They say you can never go back. But this is football and you very much can. In recent years it feels like many big name personalities have done little else. Cristiano Ronaldo back at Manchester United, Carlo Ancelotti returning to Real Madrid, Frank Lampard doing another (and then another) tour of duty at Chelsea. Roy Hodgson is back behind his old desk at Crystal Palace. There has been an AC Milan revival for Zlatan Ibrahimovic and a return to Old Trafford for 1999 hero Ole Gunnar Solskjaer. But recent events suggest that nostalgia just ain’t what it used to be.
Barcelona have spent most of the 20 months since Lionel Messi left the club trying to engineer one of these misty-eyed nostalgia trips. He’ll be 36 by the time next season kicks off, but Messi has never been bound by human standards anyway. The 2022 World Cup winner can still play and his comeback would be about so much more than that anyway. Think of it as a redressing of the balance, a return to the natural order of things. When the story of Messi’s career is written, there won’t be a picture of him in a Paris Saint-Germain shirt on the cover. Messi and Barcelona belong together.
But will they end up together? It would take an almighty effort on both sides according to La Liga chairman Javier Tebas. “Messi’s return to Barça is very complicated,” he said. “We have to see how that will evolve but several conditions would have to be met, Barça players would have to leave, there would have to be a reduction in wages. And then you have to know what salary Messi would have at Barça.”
Considering the compromises needed on both sides, it is difficult to see the transfer taking place. There are too many moving parts, from Messi turning his back on the final high-earning years of his career to Barca moving on multiple players to shoehorn in a short-term signing. Messi’s return makes all the sense in the world from an emotional standpoint. But Xavi’s side are about to win La Liga without him. Even if they weren’t, it is debatable that he can still bend a league to his will like he once did.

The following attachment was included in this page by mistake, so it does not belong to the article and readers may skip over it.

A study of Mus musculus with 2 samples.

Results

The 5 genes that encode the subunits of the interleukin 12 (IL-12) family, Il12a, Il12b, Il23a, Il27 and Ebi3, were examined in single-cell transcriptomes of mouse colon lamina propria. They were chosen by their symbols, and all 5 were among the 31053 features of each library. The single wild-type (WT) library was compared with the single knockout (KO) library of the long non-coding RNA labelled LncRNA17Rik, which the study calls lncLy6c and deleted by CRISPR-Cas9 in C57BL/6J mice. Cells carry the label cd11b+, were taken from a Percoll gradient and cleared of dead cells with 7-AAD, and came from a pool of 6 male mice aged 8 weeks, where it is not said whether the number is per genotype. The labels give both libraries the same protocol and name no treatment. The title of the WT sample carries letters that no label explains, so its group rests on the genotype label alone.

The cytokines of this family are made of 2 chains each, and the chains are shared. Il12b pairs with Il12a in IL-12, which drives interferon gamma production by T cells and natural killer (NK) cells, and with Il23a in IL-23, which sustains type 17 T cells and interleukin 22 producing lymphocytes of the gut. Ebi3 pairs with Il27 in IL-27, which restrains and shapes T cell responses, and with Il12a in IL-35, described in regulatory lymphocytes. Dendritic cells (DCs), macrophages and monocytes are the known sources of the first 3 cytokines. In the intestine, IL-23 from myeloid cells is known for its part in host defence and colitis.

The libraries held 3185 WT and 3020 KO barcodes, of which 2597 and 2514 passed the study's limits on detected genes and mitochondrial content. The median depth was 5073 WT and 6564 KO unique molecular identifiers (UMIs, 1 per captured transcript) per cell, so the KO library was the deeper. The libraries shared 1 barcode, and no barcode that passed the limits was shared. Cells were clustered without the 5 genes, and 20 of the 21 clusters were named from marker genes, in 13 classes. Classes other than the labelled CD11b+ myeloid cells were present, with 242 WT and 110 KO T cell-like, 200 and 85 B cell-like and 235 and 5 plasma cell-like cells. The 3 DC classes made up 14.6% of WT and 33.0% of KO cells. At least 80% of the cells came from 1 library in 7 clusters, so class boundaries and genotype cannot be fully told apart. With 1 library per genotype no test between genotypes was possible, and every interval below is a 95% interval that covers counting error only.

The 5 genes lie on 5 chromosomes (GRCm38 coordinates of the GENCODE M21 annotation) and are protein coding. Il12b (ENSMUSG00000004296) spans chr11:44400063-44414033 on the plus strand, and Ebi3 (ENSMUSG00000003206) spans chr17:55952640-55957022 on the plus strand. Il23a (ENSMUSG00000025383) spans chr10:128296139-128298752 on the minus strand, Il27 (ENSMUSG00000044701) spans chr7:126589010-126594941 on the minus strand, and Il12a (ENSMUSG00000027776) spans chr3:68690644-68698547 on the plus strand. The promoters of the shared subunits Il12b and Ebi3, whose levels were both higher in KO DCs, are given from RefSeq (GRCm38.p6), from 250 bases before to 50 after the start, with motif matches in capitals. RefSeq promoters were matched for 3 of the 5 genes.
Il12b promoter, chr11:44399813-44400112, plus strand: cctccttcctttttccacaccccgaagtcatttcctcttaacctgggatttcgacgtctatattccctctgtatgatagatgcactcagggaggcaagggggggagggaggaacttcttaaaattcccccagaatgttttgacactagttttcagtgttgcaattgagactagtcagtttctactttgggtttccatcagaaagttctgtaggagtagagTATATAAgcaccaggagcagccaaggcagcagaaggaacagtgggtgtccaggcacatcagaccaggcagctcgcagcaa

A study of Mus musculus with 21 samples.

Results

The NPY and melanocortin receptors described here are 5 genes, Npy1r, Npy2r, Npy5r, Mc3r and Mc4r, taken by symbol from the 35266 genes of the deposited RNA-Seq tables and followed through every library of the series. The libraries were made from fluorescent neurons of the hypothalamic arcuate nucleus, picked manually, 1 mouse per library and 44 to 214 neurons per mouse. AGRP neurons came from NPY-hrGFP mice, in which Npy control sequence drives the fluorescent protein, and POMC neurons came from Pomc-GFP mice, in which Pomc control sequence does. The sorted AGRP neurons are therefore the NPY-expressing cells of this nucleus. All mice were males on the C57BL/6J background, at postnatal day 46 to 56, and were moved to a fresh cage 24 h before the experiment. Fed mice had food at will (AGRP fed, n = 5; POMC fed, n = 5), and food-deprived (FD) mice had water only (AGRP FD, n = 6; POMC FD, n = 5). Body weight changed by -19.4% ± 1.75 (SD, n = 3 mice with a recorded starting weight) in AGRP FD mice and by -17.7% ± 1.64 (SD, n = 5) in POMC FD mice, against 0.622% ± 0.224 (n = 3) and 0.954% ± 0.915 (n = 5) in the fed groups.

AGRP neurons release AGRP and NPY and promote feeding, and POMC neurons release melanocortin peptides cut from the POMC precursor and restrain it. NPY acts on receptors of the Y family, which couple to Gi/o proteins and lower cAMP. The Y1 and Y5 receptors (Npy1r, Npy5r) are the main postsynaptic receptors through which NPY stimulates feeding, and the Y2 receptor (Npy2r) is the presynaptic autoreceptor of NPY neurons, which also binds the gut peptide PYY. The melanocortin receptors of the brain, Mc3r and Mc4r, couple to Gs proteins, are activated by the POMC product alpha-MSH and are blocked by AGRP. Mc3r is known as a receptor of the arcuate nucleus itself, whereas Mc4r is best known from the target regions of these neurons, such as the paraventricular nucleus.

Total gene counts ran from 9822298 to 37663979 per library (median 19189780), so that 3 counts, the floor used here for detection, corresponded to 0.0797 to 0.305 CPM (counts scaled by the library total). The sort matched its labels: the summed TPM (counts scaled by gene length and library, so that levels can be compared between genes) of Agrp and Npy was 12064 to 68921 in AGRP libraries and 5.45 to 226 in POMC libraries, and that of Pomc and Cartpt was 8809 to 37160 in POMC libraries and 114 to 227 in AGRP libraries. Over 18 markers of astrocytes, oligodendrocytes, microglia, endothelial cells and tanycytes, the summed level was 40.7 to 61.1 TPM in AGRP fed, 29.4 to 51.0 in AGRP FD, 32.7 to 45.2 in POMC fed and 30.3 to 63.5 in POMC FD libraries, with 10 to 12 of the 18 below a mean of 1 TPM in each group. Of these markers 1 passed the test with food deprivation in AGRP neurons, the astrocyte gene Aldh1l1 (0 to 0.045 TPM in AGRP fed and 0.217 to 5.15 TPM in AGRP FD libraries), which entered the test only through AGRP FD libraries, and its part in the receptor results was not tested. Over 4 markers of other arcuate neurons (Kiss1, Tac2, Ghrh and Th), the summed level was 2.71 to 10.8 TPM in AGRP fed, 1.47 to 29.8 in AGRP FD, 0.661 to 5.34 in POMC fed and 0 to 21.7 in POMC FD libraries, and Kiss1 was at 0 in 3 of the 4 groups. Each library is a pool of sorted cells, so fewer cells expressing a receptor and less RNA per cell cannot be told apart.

One of PSG’s former managers was being hotly-tipped for a reunion of his own. With Tottenham Hotspur needing a manager and Mauricio Pochettino being out of work, the equation looks a simple one. The Argentine is Tottenham’s greatest modern coach and the club is at its lowest ebb in a decade. Why would you not want to see if ‘Poch’ can recreate the magic?
Perhaps Spurs’ reluctance, and Barca’s lack of definitive action, is indicative of how many of these modern reunion tales have ended. Ronaldo left United under a Piers Morgan-belched cloud of fetid bile. Frank Lampard’s second spell as Chelsea manager is going even worse than his first one. Solskjaer didn’t last and only served to erode his treble gloss in the eyes of younger supporters.
Not every comeback story is a failure. Zlatan became a Serie A champion again at San Siro while Ancelotti added another Champions League to his mantle. Xavi looks set to lift his first La Liga title as a manager at Barcelona after winning eight there as a player. But the failures have been more high-profile than the successes and there is a discernible pulling back on nostalgia from the likes of Spurs and Barcelona.
Football is cyclical and no doubt we will end up with more emotional returns in the future. Steven Gerrard only ever feels one half-decent managerial appointment away from putting himself back in the Liverpool frame. If Everton keep plummeting then they might bring Lampard back there, given the fact that this will surely be his last dalliance with Chelsea. Perhaps Pochettino will upset the oddsmakers and go back to Spurs. But it definitely feels like there’s an identifiable trend away such heart-over-head indulgence. Leave your emotions at the door, nostalgia really ain’t what it used to be.